Book review of White Poverty by William J. Barber II, Jonathan Wilson-Hartgrove

Book review of White Poverty by William J. Barber II, Jonathan Wilson-Hartgrove

Books


In White Poverty: How Exposing Myths About Race and Class Can Reconstruct American Democracy, MacArthur fellow and activist-pastor William J. Barber II makes the logical but nonetheless surprising point that, even though poverty has a disproportionately high impact on Black Americans, there is a vastly greater number of white people living in poverty, leading lives of unacknowledged despair in plain view. Yet we often equate poverty with Black communities, and as a result, poverty and all its ills are seen as a “Black problem.” 

Barber argues that this equation is based on four racist myths that deliberately divide poor white people from poor Black people, and prevent them from uniting against the policies and structures that favor the rich and powerful. These myths—among them that all white people share common ground, regardless of economic and social status—both justify and perpetuate our malign neglect of the poor. His examination of each myth, from its cause to its effect, exposes that what we were told were fundamental truths about poverty were actually dog whistles and racist tropes.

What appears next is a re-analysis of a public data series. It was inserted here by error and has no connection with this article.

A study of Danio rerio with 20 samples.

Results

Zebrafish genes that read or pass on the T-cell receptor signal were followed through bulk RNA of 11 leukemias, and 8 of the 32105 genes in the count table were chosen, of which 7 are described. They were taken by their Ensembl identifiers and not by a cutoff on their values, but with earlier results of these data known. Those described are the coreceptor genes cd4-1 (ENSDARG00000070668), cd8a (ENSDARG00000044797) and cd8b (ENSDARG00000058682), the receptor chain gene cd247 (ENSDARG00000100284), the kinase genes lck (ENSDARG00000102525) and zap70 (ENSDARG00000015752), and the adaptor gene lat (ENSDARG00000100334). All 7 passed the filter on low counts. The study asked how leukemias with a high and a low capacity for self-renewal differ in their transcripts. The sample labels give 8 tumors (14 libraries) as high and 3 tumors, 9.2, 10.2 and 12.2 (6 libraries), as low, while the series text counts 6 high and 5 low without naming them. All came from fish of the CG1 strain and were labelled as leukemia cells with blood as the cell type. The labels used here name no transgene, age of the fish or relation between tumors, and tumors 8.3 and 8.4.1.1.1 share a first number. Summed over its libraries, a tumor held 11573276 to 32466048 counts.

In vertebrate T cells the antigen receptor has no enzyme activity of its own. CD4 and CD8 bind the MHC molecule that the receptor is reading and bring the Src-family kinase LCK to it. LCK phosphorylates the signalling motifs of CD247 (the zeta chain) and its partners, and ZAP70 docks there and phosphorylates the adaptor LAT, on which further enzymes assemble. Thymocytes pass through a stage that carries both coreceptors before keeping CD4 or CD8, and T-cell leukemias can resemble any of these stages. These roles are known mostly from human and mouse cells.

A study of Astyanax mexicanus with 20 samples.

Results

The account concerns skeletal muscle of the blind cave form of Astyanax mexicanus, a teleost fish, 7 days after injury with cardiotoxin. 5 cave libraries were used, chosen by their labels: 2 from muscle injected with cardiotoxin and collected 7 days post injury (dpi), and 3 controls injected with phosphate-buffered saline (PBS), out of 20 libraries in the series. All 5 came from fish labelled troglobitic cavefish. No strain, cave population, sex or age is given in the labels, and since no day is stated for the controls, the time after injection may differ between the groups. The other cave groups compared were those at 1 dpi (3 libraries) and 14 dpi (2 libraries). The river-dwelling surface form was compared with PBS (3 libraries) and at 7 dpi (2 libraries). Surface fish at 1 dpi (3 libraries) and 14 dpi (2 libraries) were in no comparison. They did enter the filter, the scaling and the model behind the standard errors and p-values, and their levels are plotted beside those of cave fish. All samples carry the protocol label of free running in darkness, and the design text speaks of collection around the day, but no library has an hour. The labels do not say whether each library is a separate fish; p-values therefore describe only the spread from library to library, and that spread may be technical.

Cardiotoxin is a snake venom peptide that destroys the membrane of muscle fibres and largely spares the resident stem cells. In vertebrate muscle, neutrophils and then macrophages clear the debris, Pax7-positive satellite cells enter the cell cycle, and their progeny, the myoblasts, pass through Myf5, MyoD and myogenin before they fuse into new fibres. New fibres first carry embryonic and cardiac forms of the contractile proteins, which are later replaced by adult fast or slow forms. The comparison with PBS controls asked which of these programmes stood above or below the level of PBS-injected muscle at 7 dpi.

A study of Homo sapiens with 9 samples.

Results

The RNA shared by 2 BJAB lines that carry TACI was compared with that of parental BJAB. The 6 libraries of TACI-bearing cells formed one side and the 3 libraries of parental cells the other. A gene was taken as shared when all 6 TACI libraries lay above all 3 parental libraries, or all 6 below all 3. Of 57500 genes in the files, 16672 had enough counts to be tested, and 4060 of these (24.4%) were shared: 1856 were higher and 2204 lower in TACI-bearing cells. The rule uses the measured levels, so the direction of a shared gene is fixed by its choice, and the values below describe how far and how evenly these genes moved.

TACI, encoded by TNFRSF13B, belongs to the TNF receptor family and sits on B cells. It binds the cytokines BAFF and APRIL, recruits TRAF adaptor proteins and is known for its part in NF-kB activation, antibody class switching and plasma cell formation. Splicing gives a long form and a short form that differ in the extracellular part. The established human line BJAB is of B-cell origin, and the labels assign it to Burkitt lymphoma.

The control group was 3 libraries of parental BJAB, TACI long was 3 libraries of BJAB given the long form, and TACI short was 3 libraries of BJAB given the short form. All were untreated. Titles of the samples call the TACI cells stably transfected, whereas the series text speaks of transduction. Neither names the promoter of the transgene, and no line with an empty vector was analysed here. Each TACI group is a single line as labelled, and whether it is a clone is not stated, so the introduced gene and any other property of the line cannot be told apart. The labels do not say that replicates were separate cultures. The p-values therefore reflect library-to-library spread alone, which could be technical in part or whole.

But, important as this lesson is, Barber’s most powerful message is that if these myths are dismissed, and if poor white people recognize that they have far more in common with poor Black people, they could unite to demand living wages, access to health care and safe housing. Barber calls this union a “moral fusion,” and his descriptions of the power that is unleashed when Black and white poor people discover their common ground are the most hopeful and powerful passages in White Poverty. For example, a queer, poor, white woman named Lakin gave testimony at a Black church about the debilitating isolation of white poverty and the fear it engenders. By exposing the wounds of white poverty, Lakin created a space for empathy and understanding—and action.

White Poverty resonates like a powerful sermon. Like Jeremiah, Amos and other Old Testament prophets, Barber condemns the injustice perpetrated on the poor. And also like them, Barber offers a hopeful way forward to a more just and equitable society.